If you are like me, you were transfixed by Shadi Hamid‘s NPR interview this morning. He touched broadly on two issues: the compatibility of Islam and democracy, and the consequences of the declining religious support in the West for the rise of ethnonationalism.
Hamid’s discussion of this first point draws on arguments he makes at greater length and in more detail in his book Islamic Exceptionalism. I have long wanted to write a long-form review essay of this important book in a NYRB-like venue, but haven’t yet had the opportunity.
What I found more interesting this morning were Hamid’s ruminations on the second issue (start around 3:20). His basic argument is that (1) all humans want meaning, (2) religion gives us meaning, so (3) the decline of religion in the West leads to a need for some other source of meaning, and (4) ethnonationalism, white pride, and other forms of identity politics fill the void in meaning where religion once was. Hamid’s not the first to have made an argument of this type, but his is a neat articulation of it.
There are, broadly, two things that religious adherence does that might undergird Hamid’s argument—what follows is all drawn from classic literatures on the sociology of religion and religion and political economy). First, religion might provide individual psychological benefits, creating what we might term meaning-in-belief. “I am OK, and things are going to be OK, because at least I believe in the one true God.” Take that away and it is easy to see how it would be hard to confront personal hardship.
There is an alternative view, though: religion creates social structures that provide collective social benefits to those who participate. This is the model of the parish church, synagogue, the mosque, the wat, and so forth. Religion creates what we might call meaning-in-community; it is created not just through formal ceremony but also Youth Group, Quranic study sessions, temple ceremonies, etc. Political economy takes on religious participation focus on things like rotating credit associations that pop up in these religious communities, and identify costly investment in participation as necessary to sustain in-group solidarity. But my guess is that there is something more abstract and sociological that is the fundamental aspect of meaning-in-community: the understanding through communal practice that there are other people like you who face the same hardships that you do, and a space to express that.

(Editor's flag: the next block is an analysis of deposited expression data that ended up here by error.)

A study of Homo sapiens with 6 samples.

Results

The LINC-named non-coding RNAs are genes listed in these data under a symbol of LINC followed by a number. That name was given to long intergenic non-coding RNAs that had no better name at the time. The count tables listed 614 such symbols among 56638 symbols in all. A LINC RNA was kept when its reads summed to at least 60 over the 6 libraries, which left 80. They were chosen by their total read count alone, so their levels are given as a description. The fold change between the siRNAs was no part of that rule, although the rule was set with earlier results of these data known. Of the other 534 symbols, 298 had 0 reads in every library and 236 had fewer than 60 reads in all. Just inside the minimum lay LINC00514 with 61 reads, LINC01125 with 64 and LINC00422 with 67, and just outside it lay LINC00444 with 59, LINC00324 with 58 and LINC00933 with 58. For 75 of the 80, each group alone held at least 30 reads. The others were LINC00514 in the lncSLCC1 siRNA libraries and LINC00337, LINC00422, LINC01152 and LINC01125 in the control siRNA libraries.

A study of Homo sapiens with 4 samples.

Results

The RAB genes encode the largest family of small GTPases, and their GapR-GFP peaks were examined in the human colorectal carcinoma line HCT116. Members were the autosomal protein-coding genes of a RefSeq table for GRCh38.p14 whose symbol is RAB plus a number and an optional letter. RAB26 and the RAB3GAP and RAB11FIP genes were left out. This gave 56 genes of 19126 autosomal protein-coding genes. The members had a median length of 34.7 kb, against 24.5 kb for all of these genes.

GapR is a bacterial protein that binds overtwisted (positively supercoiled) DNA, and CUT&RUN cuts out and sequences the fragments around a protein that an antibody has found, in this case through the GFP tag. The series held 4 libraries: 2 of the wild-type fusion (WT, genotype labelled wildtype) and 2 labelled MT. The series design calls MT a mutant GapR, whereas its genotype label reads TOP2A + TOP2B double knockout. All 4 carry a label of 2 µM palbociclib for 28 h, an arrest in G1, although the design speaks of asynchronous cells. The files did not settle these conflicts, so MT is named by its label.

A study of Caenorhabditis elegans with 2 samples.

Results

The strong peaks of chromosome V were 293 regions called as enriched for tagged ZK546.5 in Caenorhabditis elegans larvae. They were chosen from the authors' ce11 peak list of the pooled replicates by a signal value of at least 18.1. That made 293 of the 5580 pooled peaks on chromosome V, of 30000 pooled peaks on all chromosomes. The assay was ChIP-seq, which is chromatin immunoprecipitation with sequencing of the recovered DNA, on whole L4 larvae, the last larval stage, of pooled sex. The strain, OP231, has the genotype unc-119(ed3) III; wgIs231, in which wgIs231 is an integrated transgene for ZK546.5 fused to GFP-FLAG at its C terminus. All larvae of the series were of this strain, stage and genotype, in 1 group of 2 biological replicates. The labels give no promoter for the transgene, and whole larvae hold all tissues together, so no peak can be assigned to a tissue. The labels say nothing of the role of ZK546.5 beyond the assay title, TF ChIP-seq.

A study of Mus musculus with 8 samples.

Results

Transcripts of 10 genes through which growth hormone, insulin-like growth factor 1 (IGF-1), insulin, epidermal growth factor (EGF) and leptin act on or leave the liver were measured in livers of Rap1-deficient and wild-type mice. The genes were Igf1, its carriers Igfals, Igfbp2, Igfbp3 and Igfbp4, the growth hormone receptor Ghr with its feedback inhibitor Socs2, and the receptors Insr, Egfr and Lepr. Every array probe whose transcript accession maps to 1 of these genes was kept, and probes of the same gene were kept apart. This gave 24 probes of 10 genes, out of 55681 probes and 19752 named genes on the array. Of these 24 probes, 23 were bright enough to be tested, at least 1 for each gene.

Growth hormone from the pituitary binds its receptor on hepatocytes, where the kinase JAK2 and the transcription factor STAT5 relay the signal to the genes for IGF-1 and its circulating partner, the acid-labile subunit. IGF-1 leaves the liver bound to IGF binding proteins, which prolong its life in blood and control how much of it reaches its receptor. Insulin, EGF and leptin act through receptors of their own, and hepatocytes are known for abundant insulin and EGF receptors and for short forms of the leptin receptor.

Now return to Hamid’s point. what work would ethnonationalism have to do to fill the void left by religion? Does ethnonationalism provide meaning-in-belief? Possibly, but I am as yet unconvinced that the argument that “I am OK, and things are going to be OK, because at least I am white” can perform the same psychological work that religious belief does. How about meaning-in-community? There is a stronger argument here, but that contemporary expressions of ethnonationalism in the U.S. remain too disjointed and episodic to be convincingly doing this work. The distinctive thing about Nazi Germany was not the presence or celebration of anti-Semites, it was the organization of anti-Semites into a team. A secondary problem is that ethnonationalism in practice has an affinity for appeals to religion, so it is hard to see how one would replace the other. One way to square this circle is to understand religion as an expression of identity rather than in purely confessional or theological terms, a perspective I find useful in thinking about Jakarta politics these days.
In all, Hamid’s interview provides great food for thought about religion and identity around the world, not just for Muslims and in the Muslim world. Listen and develop your own opinions.